Xinhua | Updated: 2016-09-19 15:41
BEIJING - The cylinder-shaped black object bears no resemblance to any ordinary clock, but it is one of the most advanced timepieces ever.

It was sent to space with the Space Laboratory of China's Tiangong-2 on Thursday, becoming the first ever cold atom clock working in space.

"This clock is so accurate that it should not lose one second in 30 to 300 million years in space," says Liu Liang, professor and director of the Key Laboratory of Quantum Optics, Shanghai Institute of Optics and Fine Mechanics, Chinese Academy of Sciences.

Unlike ordinary clocks, the timekeeping device is based on atomic physics.

And unlike the most atomic clocks, this clock uses more advanced "cold atom" technology, ensuring its ultra precision.

A mechanical watch loses almost one second a day; a quartz watch loses about one second every 10 days; the hydrogen atomic clock loses about one second over millions of years; the cold atom clock exceeds all in accuracy, Liu says.

Scientists attribute its accuracy to the microgravity environment in space as well as the coldness of the atoms the clock uses.

Under microgravity conditions, the cold atoms, pushed by lasers, perform a uniform motion in a straight line. By observing their performance, scientists get more precise atomic clock signal than under the gravity conditions on Earth.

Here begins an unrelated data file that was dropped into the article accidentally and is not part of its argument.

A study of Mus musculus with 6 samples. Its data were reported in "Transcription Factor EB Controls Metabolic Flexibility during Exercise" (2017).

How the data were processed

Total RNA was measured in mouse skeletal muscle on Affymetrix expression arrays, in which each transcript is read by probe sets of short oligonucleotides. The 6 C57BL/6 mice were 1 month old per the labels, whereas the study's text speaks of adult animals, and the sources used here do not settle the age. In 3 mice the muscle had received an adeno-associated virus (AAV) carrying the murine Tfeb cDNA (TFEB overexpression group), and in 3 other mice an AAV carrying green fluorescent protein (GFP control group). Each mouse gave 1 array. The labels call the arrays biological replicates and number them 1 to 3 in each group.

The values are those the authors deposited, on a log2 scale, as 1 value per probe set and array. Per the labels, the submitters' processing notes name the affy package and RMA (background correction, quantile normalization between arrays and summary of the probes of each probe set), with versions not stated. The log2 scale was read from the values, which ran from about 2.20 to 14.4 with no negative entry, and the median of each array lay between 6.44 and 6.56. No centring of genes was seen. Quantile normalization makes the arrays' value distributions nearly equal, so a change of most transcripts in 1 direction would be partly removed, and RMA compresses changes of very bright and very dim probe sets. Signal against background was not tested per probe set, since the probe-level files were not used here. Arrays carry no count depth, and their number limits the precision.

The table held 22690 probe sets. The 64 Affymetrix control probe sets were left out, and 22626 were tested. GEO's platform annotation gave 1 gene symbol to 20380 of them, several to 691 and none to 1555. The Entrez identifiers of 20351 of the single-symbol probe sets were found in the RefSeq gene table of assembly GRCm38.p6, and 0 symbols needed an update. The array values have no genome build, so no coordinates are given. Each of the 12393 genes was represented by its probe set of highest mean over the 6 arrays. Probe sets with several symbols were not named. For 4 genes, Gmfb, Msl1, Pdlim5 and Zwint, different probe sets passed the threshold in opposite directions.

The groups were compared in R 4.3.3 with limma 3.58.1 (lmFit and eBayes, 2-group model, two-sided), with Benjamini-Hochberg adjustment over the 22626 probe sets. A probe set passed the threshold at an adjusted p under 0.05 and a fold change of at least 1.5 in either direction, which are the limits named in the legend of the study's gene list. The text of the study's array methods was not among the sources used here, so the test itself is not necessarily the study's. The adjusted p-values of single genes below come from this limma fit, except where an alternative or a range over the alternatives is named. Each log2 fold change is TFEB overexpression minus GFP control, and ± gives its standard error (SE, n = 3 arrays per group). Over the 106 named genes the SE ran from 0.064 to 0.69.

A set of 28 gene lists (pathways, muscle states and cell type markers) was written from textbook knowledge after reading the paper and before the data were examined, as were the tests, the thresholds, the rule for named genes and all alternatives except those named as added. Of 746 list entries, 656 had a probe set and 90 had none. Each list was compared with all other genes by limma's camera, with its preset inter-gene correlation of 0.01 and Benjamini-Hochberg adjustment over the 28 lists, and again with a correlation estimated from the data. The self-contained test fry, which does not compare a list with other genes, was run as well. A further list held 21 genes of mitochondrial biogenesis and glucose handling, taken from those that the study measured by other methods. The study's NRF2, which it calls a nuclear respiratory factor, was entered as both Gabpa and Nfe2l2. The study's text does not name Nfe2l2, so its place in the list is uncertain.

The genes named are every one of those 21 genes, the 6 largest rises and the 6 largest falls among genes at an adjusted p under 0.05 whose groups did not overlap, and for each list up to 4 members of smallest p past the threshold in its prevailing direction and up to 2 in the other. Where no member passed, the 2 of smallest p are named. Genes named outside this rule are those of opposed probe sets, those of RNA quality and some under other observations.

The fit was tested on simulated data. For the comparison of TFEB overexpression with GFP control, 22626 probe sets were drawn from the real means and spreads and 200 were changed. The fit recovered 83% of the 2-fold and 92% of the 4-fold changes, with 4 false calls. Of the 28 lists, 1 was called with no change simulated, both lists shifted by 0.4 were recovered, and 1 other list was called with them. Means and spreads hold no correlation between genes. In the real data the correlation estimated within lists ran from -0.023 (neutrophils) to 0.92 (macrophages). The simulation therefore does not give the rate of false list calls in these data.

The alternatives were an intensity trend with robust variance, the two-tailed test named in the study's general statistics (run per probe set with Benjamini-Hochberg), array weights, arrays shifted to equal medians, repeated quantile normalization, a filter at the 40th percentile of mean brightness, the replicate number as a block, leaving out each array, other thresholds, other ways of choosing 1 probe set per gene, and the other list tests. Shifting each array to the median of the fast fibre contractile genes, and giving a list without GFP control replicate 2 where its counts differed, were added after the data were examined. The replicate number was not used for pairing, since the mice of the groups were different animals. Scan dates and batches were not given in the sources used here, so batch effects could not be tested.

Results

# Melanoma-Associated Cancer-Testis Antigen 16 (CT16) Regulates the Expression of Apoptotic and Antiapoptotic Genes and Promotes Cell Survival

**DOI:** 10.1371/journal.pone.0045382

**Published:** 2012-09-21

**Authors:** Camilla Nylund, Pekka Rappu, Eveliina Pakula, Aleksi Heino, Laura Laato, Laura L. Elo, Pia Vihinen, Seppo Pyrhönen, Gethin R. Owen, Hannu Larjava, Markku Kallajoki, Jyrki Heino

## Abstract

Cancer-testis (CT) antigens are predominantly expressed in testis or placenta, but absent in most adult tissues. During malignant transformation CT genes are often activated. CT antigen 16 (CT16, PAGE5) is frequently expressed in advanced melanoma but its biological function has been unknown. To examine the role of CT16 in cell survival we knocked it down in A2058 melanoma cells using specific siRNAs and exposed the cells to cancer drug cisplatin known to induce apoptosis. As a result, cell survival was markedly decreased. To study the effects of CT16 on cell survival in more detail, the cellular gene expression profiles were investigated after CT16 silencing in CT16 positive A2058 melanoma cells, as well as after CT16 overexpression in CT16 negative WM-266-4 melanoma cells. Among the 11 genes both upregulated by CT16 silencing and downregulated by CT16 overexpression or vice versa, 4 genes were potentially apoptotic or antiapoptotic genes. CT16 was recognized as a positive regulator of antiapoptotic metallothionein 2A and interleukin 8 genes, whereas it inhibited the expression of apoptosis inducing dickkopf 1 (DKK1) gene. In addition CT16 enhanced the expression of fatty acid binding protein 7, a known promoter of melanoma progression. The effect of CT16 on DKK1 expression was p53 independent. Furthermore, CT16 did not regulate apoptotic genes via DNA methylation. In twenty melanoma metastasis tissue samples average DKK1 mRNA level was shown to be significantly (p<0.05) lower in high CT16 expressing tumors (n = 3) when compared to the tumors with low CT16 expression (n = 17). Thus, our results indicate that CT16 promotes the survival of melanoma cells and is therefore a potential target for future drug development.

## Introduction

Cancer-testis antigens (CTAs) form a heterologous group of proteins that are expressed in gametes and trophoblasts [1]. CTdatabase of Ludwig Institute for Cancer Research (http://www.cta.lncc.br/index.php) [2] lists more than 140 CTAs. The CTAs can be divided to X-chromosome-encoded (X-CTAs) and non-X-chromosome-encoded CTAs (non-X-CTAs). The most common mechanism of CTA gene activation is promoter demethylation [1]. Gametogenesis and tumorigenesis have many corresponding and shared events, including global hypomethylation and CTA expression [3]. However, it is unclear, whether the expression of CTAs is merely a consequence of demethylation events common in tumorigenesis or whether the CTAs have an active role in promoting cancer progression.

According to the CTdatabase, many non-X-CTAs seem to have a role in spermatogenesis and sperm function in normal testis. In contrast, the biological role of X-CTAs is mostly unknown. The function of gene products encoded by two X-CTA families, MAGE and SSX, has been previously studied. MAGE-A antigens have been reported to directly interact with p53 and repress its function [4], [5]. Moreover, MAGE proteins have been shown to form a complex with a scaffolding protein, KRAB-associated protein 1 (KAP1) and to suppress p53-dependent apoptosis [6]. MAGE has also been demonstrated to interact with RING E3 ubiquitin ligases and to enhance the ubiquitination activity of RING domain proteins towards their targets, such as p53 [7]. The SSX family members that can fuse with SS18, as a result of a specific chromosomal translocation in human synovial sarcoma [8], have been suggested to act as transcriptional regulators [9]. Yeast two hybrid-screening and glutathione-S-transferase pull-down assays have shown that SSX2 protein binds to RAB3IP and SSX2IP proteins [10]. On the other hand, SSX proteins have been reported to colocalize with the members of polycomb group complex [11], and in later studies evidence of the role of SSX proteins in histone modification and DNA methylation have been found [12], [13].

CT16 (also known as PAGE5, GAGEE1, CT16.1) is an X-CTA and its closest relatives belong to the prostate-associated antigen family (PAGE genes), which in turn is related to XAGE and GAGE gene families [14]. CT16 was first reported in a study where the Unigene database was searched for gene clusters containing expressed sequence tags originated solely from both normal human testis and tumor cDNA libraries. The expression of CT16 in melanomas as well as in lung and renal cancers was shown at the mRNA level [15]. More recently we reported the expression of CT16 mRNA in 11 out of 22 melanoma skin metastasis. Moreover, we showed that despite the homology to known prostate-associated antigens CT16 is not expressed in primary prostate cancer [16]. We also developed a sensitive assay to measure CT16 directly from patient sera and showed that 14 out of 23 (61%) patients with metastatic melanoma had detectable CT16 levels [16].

Moreover, the laser cooling technology helps to eliminate the influence of atomic thermal motion on the clock's performance.

"Though molecules and atoms can't be seen in a room, they are actually moving at high-speed, and the speed is equivalent to temperature," Liu explains.

"We use laser cooling technology to slow down the atoms to a temperature that a refrigerator could never reach, so they nearly stay still," Liu says. "By observing the almost static atoms we make our measurements more precise."

Scientists believe that putting such a clock in space will help set a time standard to synchronize other atomic clocks in space more precisely.

"A more accurate clock system in space will benefit us on Earth," Liu says, citing possible substantial improvements in navigation and positioning accuracy.

Scientists say the development of cold atom technology could also make many experiments possible, such as deep space navigation and positioning, dark matter probes, and even gravitational wave exploration.

"A lot of research is based on our measurement of time and space. If we could detect subtle changes in time and space, we could make discoveries beyond the range of existing technology," Liu says.

"In the future, there will be more accurate clocks than this cold atom clock and our ultimate goal is to make a clock that will never be a second fast or slow over the life of the universe."